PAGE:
Toxic nanoparticles from air pollution discovered in human brains are not being monitored by government authorities, Energydesk has learned.
Last month new research was published that revealed magnetite particles, derived from iron oxide, present in the brain tissue of 37 people.
Previous studies have linked such particles to Alzheimer’s disease, although scientists say the research field is at too early a stage to prove causality.
But Prof Barbara Maher at Lancaster University, who led the new research, said that magnetite should start to be monitored on a widescale if this is found to be the case.
“If magnetite in airborne particulate matter proves to be a significant risk factor for Alzheimer’s disease or other diseases, then it will be important to measure it in its own right across urban areas,” Maher told Energydesk.
Although particulate matter, which magnetite contributes to, is monitored across the UK according to EU rules, magnetite is not monitored separately.
The news comes as a case in the High Court in London opens for its second day to assess whether the government’s plans to cut national pollution are adequate under EU law.
Maher’s team had previously measured airborne magnetite pollution particles by magnetically examining pumped air samples and also tree leaves next to roadsides across Lancaster and found greater concentrations in heavy traffic areas.
These same types of magnetite particles were found in “abundant” quantities in the brains of people from Manchester, in the UK, and Mexico.
Magnetite particles in air pollution could be measured on a wide-scale using filters or through leaf collection, Maher added.
Leonardo Sagnotti, senior principal research fellow at the paleomagnetism laboratory at the National Institute of Geophysics and Volcanology (INGV) has used a similar methodology using leaves to measure magnetite pollution in Rome.
He told Energydesk: “There is no established service using tree leaves to monitor pollution, only research studies. The automatic sampling stations in Italy don’t monitor any magnetic properties. It’s not surprising because this is a novel approach and eventually we should adopt this approach for monitoring in the future.”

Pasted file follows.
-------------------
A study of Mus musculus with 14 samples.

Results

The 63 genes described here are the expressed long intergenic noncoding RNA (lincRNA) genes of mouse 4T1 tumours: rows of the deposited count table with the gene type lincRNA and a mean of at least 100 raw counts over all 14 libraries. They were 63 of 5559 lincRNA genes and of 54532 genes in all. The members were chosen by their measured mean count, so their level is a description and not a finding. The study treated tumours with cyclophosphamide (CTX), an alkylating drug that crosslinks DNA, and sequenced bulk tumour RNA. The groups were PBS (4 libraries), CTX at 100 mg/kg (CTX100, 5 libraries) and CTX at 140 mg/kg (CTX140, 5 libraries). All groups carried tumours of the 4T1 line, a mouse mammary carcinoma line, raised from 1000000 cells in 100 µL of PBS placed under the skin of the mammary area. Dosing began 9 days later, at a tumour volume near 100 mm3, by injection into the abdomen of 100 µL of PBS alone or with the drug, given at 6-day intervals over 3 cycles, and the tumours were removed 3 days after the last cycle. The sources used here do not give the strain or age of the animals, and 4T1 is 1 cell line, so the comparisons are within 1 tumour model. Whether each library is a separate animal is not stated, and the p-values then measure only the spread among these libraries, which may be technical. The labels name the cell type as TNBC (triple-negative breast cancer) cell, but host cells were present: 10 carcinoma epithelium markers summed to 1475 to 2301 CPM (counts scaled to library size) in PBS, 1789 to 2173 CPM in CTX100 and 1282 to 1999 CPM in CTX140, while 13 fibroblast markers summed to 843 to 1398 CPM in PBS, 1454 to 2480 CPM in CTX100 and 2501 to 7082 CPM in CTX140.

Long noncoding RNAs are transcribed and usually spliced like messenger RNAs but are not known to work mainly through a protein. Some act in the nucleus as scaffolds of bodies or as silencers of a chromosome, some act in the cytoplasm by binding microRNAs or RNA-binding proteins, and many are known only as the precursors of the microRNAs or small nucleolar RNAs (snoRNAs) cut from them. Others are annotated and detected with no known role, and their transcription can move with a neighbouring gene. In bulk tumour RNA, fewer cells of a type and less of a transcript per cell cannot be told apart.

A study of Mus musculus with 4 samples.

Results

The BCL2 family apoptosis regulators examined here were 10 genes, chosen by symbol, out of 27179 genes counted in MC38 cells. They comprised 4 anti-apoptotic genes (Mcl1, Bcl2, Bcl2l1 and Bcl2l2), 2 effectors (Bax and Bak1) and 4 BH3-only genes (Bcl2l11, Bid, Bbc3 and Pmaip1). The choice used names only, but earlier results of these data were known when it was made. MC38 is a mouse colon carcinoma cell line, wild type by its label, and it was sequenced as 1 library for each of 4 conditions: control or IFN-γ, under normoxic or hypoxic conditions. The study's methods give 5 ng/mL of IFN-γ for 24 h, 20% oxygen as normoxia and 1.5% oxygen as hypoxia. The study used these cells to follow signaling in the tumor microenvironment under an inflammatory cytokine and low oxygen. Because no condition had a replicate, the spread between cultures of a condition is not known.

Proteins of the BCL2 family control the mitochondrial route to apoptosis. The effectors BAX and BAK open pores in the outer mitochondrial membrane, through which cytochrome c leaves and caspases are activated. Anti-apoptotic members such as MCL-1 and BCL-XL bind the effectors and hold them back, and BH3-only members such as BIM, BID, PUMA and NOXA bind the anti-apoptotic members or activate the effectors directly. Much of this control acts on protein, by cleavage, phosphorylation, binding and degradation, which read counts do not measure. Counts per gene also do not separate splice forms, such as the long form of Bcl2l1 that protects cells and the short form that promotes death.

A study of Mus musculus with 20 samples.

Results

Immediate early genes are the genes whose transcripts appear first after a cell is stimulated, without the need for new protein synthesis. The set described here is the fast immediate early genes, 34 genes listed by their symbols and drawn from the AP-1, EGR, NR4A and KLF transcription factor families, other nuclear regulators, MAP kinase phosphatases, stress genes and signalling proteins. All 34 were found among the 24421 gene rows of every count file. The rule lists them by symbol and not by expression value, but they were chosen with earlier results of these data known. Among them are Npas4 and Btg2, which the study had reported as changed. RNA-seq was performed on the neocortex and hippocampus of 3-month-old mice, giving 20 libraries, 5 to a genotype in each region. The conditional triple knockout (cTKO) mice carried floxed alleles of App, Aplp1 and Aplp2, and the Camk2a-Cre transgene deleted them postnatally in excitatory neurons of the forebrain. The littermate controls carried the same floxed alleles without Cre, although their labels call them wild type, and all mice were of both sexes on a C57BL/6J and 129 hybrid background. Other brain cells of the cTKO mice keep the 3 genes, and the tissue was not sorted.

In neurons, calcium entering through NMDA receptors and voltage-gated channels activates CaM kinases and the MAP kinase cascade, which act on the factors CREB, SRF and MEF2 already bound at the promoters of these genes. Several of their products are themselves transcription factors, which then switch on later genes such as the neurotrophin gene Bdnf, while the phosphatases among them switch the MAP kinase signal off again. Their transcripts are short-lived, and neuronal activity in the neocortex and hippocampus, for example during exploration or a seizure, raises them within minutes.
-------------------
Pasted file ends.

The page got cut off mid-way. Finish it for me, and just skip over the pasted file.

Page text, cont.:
His research notes that such a service would be “relatively rapid and inexpensive, [and] may be used in addition to the classical air quality monitoring systems to identify and delineate high-polluted areas in urban environments.”
Air pollution is a global killer, responsible for 3 million premature deaths every year according to an analysis by the World Health Organisation (WHO) reported recently.
Research has shown that particulate pollution, created by industry, traffic and natural sources can exacerbate lung cancer, heart disease, asthma and strokes.
But while WHO compiles a database of levels of PM pollution from 3,000 cities around the world, one billion people live in countries where there is no monitoring at all.
WHO told Energydesk that they do not issue guidance on pollutants smaller than PM2.5, but that they may be addressed in the next edition of their air quality guidelines.
“WHO is not aware of magnetite being monitored in any country, and since countries are already not engaged in monitoring PM10 and PM2.5, it is unlikely that they monitor smaller particles,” a spokesperson said.
“WHO relies on the scientific community and the evidence synthesis through the air quality guidelines to issue recommendations on various pollutants. The air quality guidelines are currently being revised, and we will have to wait to see if or how smaller particles will be addressed in the next version.”
Maher’s paper also notes: “Although PM mass has conventionally been used for setting of legislative airborne PM concentration limits, it is possible that ultrafine particle size and number are of greater significance in terms of mortality and health impacts”.
The Department for the Environment, Food and Rural Affairs did not comment on magnetite monitoring but a government spokesperson said: “The government is firmly committed to improving the UK’s air quality and cutting harmful emissions.
“That’s why we have committed more than £2billion since 2011 to increase the uptake of ultra-low emissions vehicles, support greener transport schemes and set out a national plan to tackle pollution in our towns and cities.”